Tuberculosis (TB) remains a significant public health challenge globally, with Nigeria bearing a considerable burden, particularly among children.

According to the 2023 Global Tuberculosis Report, globally, an estimated 44.7 million children between the ages of 0 to 9 and 125.3 million adolescents between 10-19 years old are infected with mycobacterium tuberculosis.

Out of this data, approximately 1.3 million develop TB diseases every year.

Nigeria, which is ranked 6th among 30 high TB burden countries globally, and number one in Africa, is on the 5th position in the highest burden of childhood TB worldwide.

However, Oyo state, one of the southwest states of Nigeria is ranked 13 among states of the federation with high burden of TB in the country.

No doubt, the data from the world record for Africa and Nigeria were alarming.

Though government at all level have placed priority on reducing TB in children to the barest minimum but more needed to be done.

One of the bold steps taking by the Oyo state government and development partners such as the USAID Breakthrough Action Nigeria, was to intensify effort on TB case finding, diagnosis and treatment among children as well as capacity building of stakeholders, including nutrition officers to activate their suspicion when coming in contact with children affected by malnutrition


According to a public health expert in the Oyo state ministry of health, Dr Babalola Johnson during the activities marking the 2024 National Childhood TB testing week, any child that has stunted growth as a result of malnutrition or has been infected with HIV is presumed to have tuberculosis until proven otherwise through screening.

Dr. Babalola who explained that many children die of TB because they were not diagnosed, said children with malnutrition are at risk of the disease because of their low immunity while others with swelling on the neck or back, coughing and showing symptoms of fever for two weeks or more, should be screened for tuberculosis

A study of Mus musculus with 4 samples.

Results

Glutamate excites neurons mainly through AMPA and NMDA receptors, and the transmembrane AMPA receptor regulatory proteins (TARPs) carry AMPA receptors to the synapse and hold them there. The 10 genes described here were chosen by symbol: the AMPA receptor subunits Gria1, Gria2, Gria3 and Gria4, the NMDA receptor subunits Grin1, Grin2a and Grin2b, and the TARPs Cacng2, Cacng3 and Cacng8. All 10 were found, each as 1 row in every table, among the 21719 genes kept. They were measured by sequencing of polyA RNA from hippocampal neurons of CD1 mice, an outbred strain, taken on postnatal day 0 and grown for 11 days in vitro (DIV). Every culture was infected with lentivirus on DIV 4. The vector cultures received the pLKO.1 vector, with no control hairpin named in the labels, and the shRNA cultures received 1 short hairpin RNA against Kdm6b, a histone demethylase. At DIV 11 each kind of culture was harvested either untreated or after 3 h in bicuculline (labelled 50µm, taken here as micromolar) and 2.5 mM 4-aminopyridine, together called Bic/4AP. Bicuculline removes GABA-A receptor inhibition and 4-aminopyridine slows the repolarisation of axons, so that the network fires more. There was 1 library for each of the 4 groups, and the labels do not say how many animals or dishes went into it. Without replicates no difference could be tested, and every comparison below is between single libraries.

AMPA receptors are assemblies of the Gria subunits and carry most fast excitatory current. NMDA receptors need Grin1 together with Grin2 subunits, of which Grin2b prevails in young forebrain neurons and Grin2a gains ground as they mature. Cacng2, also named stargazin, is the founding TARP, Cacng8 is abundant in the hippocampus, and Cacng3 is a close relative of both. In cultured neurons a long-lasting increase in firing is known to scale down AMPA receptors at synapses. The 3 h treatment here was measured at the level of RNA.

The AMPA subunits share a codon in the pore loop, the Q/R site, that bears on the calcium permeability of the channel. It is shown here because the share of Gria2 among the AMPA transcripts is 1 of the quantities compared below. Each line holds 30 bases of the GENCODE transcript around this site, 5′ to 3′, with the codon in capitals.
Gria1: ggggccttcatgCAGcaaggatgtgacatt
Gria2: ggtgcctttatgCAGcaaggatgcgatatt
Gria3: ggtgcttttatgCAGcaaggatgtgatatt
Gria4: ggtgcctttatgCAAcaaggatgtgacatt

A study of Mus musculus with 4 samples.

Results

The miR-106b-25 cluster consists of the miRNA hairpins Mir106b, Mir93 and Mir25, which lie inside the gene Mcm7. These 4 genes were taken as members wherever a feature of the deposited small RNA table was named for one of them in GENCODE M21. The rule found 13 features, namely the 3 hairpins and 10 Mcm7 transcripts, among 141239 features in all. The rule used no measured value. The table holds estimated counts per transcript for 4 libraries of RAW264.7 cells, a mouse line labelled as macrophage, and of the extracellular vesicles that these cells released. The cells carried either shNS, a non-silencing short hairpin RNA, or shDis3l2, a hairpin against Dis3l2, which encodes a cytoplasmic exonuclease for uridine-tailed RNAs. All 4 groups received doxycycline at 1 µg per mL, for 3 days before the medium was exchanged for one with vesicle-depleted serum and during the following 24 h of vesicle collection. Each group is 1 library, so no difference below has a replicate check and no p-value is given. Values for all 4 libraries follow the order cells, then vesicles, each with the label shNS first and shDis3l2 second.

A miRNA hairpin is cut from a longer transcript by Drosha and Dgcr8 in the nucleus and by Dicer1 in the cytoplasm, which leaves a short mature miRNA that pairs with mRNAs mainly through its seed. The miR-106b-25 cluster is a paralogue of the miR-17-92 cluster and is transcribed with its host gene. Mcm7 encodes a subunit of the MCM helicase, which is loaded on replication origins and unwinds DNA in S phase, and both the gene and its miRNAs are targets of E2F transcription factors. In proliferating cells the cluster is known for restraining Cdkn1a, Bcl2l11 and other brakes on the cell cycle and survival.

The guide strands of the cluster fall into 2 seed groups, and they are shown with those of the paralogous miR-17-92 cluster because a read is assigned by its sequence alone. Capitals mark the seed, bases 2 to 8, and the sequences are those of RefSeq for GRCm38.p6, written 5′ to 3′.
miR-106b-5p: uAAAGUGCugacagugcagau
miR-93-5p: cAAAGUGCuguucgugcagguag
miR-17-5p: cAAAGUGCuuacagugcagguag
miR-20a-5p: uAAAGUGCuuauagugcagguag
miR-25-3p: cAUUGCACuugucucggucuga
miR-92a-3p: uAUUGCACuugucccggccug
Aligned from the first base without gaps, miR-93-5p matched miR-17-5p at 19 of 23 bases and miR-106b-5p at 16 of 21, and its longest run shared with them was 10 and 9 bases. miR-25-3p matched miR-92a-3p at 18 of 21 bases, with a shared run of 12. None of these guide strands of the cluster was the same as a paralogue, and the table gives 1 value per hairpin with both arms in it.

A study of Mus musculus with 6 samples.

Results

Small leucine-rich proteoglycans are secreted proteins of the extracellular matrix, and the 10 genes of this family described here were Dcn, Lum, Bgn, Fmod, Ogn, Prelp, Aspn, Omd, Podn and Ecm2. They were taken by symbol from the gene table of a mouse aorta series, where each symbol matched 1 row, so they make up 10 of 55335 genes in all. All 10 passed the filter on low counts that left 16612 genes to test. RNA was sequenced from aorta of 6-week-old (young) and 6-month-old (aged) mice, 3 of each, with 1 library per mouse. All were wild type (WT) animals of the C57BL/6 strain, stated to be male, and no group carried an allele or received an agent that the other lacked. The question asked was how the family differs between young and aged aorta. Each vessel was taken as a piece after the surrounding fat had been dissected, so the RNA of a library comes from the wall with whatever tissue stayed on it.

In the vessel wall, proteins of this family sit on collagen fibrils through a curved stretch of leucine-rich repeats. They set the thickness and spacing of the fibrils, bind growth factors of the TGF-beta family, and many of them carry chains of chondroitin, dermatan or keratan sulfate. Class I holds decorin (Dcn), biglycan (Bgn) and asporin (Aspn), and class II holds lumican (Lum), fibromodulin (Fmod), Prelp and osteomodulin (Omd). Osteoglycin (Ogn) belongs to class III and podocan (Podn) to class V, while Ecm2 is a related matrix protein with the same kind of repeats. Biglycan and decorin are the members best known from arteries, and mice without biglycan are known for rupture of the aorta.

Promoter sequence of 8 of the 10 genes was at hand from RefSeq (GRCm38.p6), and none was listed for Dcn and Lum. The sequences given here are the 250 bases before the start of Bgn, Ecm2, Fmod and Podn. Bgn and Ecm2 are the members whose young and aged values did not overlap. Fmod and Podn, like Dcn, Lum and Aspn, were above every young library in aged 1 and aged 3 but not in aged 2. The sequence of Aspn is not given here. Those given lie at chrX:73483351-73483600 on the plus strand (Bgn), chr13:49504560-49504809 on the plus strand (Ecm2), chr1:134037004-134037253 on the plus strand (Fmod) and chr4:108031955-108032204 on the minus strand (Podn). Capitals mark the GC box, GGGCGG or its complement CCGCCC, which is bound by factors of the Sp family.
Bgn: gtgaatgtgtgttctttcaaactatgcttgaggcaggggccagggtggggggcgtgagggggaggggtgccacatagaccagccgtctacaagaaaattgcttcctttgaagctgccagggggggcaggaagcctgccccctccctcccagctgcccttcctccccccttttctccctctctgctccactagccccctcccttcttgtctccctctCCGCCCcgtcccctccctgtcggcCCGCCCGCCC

Firstly, collaboration among stakeholders is indispensable in combating childhood TB in Nigeria. Healthcare professionals, government agencies, non-governmental organizations (NGOs), and communities must continue to unite their efforts to enhance TB prevention, diagnosis, and treatment services.

Aside from necessary collaborative efforts, fostering behavioral change is crucial in combating childhood TB in Nigeria.

While medical interventions are essential, addressing social and cultural factors that contribute to TB transmission and treatment adherence is equally vital.

Educating caregivers about TB prevention, recognizing symptoms, seeking timely healthcare and knowing that TB treatment is free, can empower them to protect their children and seek prompt treatment when necessary.

Furthermore, community engagement plays a pivotal role in promoting behavioral change and combating TB stigma. By involving community leaders, religious institutions, and local influencers, awareness campaigns can challenge misconceptions about TB.

Such common myths and misconception include: TB is “caused by witchcraft, a generational curse, hereditary or not curable”


Moreover, addressing socioeconomic determinants of TB, such as poverty, malnutrition, and overcrowded living conditions, is paramount in reducing the disease burden among Nigerian children.

Similarly, the annual national Childhood TB testing week, aimed at creating awareness and sensitizing people on implication of tuberculosis in children is a welcome development which must be embraced and supported by all.

Above all, by uniting stakeholders, leveraging resources, and fostering a supportive environment for affected children and their families, Nigeria can make significant strides towards eliminating TB as a public health threat and ensuring the well-being of its future generations.